Woolworths’ share price jumps 10% after Moir resigns
WOOLWORTHS’ share price leapt nearly 10 percent yesterday as the market welcomed the resignation of chief executive Ian Moir, while the failure of the retailer’s David Jones acquisition continues to haunt the company.
Woolworths jumped 9.6 percent at 12.04pm to R52.83 a share, as the market celebrated “fresh blood” at the helm after Moir’s nearly decade-long tenure.
The share closed 8.30 percent higher at R52.20 on the JSE yesterday.
The group said Moir would be replaced by South Africa’s Roy Bagattini, 56, the president of global apparel brand Levi Strauss & Company Americas, who has a track record in mergers and acquisitions.
Woolies said Moir would be acting chief executive of David Jones, the Australian brand that the company acquired in 2014, intending to expand its footprint by creating a Southern Hemisphere retail giant but which had disappointed.
“To facilitate a smooth transition, Ian will be working closely with Roy and he will also continue in his role as acting chief executive of David Jones,” the company said.
Moir has come under pressure due to the David Jones acquisition as various strategies to turn Woolworths around had thus far failed, and the group was trying to change the business model.
Woolworths chairperson Hubert Brody said under Bagattini’s leadership management would continue to drive the group’s future strategy.
“Roy has extensive operational, management and turnaround experience in global consumer and retail markets, which will prove invaluable as we continue to navigate the structural changes taking place in the retail sector and the challenges particular to our group,” Brody said.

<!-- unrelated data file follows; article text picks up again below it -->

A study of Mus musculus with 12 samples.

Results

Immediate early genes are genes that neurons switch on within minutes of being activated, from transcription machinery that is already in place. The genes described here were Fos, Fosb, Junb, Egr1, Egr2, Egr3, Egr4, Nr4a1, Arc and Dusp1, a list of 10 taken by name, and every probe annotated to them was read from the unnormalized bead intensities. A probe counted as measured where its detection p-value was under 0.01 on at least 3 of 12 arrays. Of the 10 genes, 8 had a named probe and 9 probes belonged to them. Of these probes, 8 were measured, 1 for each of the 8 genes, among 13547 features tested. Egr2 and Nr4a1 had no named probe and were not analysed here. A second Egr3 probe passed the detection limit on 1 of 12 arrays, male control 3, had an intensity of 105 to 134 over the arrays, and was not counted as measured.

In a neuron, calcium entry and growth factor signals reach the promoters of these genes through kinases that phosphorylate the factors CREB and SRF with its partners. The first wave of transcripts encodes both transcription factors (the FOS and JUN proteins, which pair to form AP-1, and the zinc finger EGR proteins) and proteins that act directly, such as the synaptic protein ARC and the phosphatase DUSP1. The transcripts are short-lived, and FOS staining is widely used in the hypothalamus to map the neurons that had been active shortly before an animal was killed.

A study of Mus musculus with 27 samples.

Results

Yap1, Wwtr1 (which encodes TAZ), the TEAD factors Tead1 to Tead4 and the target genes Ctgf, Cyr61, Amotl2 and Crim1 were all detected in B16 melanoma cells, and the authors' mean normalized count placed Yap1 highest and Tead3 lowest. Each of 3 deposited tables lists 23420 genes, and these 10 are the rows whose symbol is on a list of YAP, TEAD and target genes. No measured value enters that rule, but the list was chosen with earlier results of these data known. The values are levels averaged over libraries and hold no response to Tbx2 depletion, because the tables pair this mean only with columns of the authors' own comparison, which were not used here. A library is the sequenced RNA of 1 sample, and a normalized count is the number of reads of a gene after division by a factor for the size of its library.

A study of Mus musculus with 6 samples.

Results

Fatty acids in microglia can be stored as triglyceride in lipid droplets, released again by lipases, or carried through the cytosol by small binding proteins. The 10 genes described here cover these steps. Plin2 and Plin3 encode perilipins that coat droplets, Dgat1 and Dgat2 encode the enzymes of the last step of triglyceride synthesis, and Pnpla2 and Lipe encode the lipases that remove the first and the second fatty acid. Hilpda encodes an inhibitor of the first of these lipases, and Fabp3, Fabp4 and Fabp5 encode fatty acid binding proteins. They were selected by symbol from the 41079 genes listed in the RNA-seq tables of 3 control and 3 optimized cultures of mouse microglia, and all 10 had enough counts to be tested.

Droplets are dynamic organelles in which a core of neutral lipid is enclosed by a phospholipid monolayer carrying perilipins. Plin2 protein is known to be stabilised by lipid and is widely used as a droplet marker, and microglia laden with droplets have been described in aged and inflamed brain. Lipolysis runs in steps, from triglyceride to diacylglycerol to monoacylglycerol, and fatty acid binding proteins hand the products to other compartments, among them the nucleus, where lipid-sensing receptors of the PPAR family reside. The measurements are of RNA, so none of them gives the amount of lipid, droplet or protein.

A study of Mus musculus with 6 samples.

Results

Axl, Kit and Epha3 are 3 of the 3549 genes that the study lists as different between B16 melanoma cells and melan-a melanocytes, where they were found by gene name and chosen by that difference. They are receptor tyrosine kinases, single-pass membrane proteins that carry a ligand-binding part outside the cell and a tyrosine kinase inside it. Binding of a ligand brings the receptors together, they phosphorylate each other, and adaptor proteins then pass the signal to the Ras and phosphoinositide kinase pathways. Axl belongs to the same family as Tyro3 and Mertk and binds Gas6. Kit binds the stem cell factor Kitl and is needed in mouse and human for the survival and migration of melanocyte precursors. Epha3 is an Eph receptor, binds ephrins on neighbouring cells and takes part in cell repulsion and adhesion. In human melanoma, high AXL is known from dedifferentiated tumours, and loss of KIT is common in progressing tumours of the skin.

Michael Treherne, a portfolio manager at Vestact Asset Management, said with the failure of the David Jones acquisition and several senior managers resigning, the market started to feel that fresh blood was needed at the top.
“Ian Moir has also been in the chief executive job for just more than nine years. There is an argument to be made that it is healthy to have some rotation at the top,” said Treherne.
Treherne said the Moir legacy, unfortunately, would always be remembered for the poor acquisition of David Jones.
“In my view, his biggest contribution to Woolies was the development of their food division.
“As it stands, it is the best part of the business,” Treherne said.
Woolworths in August requested Moir to fix the David Jones brand by spending significantly more time in Australia to oversee its turnaround in the role of acting chief executive of the brand, which impaired A$437.4 million (R4.34 billion) during the year to June 2019.
Lulama Qongqo, an investment analyst at Mergence Investment Managers, said Moir’s stepping down as group chief executive was much needed.
“The poor capital allocation decision to buy David Jones, that eroded shareholder value, came after his appointment – his overinflated remuneration suggests otherwise.
“I believe Ian Moir is in denial about the structural changes that are happening in the global department-store landscape, and he might perhaps be suffering from the Dunning-Kruger effect – there are some structural changes that even the most astute management cannot avoid,” said Qongqo.
In psychology, the Dunning-Kruger effect is a cognitive bias in which people assess their cognitive ability as greater than it is.
However, Qongqo’s main concern about Moir’s resignation was that he was still a part of the group and continued to be the acting chief executive of David Jones.
She believed it was more positive that Bagattini’s wealth of knowledge and experience was likely to benefit the group and its shareholders.
“The market has spoken through today’s share price move,” Qongqo said.